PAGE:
By Mark Pitts
Executive Director, Printing and Writing
As the federal government increasingly leverages the strengths of the
internet and social media, it is important not to disenfranchise the
many Americans who prefer paper-based communications or have
limited or no access to information and essential services offered
only in digital forms. We agree with the government’s goal of using
emerging technologies to serve the public as effectively as possible, but that should not be at the expense of those who prefer or need to receive paper-based communications and documentation. Americans deserve the opportunity to choose paper for their communication needs.
Recent federal government action to phase out or eliminate paper-based options imposes hardships for millions of vulnerable Americans and has negative consequences for paper industry jobs.
Recent government actions to remove paper options include:
- Elimination of Social Security checks, replaced by direct deposit and high-fee debit cards;
- Elimination of mailed Social Security earnings statements;
- Internal Revenue Service no longer mails tax forms to U.S. taxpayers;
- U.S. Treasury Department ended the sale of paper savings bonds; and
- The Food and Drug Administration (FDA) is seeking to eliminate printed pharmaceutical labeling in favor of on-line only access to prescription drug information.
The decision to offer information in digital form only at best takes away Americans’ choice and at worst excludes some of our citizens from accessing vital information provided or regulated by their government.
Internet use remains highly correlated with age, education, and household income. According to a U.S. Department of Commerce study, up to 30 percent of Americans are not online and 45 percent of seniors don’t own a computer. Just this month, a Pew research study showed 53 percent of seniors don’t have broadband access at home and 23 percent do not have cell phones. Seniors also face hurdles adopting new technology, with 77 percent responding they require help using it. In addition, 41 percent of American adults who have not graduated high school are offline, as are 24 percent of American adults earning less than $30,000 per year and 20 percent of rural residents. These are people that are not able to access digital information, but still deserve the services provided by their government.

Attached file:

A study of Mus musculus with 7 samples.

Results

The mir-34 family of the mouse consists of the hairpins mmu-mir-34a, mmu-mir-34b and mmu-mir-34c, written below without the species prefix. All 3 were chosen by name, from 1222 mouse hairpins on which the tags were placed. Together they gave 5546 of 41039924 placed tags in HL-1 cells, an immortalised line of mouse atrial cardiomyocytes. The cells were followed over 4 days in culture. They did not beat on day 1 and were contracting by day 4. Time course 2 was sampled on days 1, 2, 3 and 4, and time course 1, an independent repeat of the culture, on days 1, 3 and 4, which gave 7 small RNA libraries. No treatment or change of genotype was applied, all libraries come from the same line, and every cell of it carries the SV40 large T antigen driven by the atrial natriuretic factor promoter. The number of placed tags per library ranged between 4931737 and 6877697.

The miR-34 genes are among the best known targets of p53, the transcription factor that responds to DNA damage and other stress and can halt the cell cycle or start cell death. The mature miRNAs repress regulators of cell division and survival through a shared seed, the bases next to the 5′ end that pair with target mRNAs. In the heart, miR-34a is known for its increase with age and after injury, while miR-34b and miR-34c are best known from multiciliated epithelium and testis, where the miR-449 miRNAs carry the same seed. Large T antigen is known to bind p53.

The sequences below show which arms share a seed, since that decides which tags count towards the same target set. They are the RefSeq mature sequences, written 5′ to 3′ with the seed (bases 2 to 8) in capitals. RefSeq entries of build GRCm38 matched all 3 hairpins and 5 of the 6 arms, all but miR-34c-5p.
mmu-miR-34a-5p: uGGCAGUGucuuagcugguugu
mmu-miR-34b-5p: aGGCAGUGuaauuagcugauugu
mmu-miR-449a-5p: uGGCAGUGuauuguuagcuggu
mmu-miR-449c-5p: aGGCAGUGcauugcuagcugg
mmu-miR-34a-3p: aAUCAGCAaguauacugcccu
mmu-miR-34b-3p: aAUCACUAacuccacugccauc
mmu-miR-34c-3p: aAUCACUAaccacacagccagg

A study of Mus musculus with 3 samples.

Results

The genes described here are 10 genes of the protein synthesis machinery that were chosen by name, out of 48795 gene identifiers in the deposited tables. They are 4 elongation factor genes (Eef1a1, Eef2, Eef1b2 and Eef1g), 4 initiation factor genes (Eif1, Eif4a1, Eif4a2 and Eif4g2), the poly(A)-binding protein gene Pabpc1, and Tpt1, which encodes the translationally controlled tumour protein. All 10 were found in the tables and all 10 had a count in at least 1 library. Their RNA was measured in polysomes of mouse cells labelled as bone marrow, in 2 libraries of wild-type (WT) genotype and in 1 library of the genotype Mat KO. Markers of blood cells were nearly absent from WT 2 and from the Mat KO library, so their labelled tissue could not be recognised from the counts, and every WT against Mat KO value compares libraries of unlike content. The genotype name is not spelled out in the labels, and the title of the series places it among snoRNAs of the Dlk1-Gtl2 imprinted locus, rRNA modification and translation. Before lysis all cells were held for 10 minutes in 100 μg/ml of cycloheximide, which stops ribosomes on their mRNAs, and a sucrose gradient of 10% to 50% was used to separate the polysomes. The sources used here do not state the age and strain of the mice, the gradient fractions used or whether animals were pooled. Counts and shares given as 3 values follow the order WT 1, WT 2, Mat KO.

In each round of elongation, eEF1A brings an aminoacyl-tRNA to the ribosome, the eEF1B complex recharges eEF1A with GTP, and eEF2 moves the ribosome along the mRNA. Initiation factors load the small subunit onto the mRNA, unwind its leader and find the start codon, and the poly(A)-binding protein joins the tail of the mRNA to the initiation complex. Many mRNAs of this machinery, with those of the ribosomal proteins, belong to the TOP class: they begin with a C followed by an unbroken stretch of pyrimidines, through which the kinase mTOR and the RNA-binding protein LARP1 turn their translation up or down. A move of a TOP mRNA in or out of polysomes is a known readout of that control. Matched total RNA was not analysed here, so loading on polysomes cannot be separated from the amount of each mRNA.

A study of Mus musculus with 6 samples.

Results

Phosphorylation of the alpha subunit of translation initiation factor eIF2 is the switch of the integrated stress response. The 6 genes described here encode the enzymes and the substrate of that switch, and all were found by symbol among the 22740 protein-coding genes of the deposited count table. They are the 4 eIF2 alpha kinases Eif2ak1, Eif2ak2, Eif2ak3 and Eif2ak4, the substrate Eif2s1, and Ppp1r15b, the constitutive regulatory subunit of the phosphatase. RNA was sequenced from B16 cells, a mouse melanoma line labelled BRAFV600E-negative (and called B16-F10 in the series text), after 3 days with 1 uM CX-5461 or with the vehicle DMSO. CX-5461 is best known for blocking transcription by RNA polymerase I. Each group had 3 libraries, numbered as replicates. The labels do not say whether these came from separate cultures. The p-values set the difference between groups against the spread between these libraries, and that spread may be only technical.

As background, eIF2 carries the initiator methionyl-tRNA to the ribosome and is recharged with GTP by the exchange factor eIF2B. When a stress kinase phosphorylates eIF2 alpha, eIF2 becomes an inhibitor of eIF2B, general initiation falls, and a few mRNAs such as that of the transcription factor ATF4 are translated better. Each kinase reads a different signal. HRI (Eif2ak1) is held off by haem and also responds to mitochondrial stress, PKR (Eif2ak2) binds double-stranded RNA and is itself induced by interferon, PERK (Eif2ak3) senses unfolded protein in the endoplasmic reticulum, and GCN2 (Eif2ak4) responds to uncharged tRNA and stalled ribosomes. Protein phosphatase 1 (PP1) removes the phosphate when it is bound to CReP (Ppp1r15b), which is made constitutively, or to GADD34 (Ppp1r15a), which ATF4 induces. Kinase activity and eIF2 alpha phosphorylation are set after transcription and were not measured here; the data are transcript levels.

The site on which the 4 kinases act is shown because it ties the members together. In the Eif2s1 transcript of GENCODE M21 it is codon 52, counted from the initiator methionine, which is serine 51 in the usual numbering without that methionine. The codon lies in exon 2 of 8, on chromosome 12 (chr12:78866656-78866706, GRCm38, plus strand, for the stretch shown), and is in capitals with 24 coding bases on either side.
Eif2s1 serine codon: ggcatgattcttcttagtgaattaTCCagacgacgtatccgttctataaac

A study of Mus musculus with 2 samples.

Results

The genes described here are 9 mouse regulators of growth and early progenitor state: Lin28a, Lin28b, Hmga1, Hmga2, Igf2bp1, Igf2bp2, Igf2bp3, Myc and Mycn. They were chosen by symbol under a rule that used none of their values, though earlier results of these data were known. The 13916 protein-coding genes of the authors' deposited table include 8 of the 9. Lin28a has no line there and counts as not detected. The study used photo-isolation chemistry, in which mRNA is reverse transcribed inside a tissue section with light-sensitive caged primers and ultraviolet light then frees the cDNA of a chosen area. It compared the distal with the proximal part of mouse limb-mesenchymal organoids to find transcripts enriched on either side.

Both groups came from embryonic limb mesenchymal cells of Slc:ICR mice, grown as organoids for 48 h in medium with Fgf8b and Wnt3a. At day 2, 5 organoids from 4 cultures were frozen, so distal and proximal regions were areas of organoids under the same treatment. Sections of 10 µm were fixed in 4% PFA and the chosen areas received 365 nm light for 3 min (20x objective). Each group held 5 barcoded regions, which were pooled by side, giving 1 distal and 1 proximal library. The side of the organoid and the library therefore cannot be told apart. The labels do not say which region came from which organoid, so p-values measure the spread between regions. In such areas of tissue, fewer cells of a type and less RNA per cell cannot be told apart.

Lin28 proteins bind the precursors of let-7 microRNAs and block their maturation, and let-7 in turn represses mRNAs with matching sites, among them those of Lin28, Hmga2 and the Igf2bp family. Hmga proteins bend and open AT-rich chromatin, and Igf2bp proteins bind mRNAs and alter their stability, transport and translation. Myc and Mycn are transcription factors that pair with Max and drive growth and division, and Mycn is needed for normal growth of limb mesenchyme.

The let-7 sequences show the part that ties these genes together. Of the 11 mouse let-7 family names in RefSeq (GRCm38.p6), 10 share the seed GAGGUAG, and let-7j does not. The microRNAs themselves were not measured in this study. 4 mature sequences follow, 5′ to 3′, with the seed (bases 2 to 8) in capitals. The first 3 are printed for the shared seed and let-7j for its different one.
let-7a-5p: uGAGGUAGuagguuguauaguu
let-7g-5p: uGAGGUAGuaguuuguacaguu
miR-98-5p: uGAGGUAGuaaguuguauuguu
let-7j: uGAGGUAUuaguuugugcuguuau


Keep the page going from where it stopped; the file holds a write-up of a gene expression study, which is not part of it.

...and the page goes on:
Government policies that eliminate paper options set a precedent for the private sector, where the economic threat is far greater. AF&PA is addressing this government “rush to digitize” by ensuring legislators understand that many government agencies are forcing a single, digital-only option without any congressional oversight or public comment. These actions are short-sighted and may ultimately cost the government more than it saves.
With federal budgets under fire, cost reduction is often cited as the rationale for switching away from printed materials. But the hidden costs of the current lack of online document security and identity protection could easily swamp any supposed gains from the government’s paperless initiatives. Fraud and identity theft costs associated with on-line government transactions have skyrocketed. For example, the Treasury Inspector General for Tax Administration reported in 2012 that the IRS failed to identify 1.5 million fraudulent direct deposit returns, sending out $5.2 billion in refunds to thieves. The Inspector General said this identity theft could cost taxpayers $21 billion over the next five years. In addition, by providing digital-only access to essential documents, the government is simply shifting the cost of printing those documents to citizens, and high-fee debit cards in lieu of printed checks pile on added costs for many who can least afford it.
AF&PA is pushing back on these government policies so citizens can choose the way they send and receive information – based on the best solution to their own needs. These actions are backed by public demand. In a recent study of consumer preferences by Info Trends, 73 percent of Americans do not think they should be required to interact with the government online.
To be clear, this is not about opposing the use of technology, but about choice. The government’s rush to digitize likely will continue and AF&PA will be there to remind legislators and regulators of the risks digital-only policies pose for citizens and our members.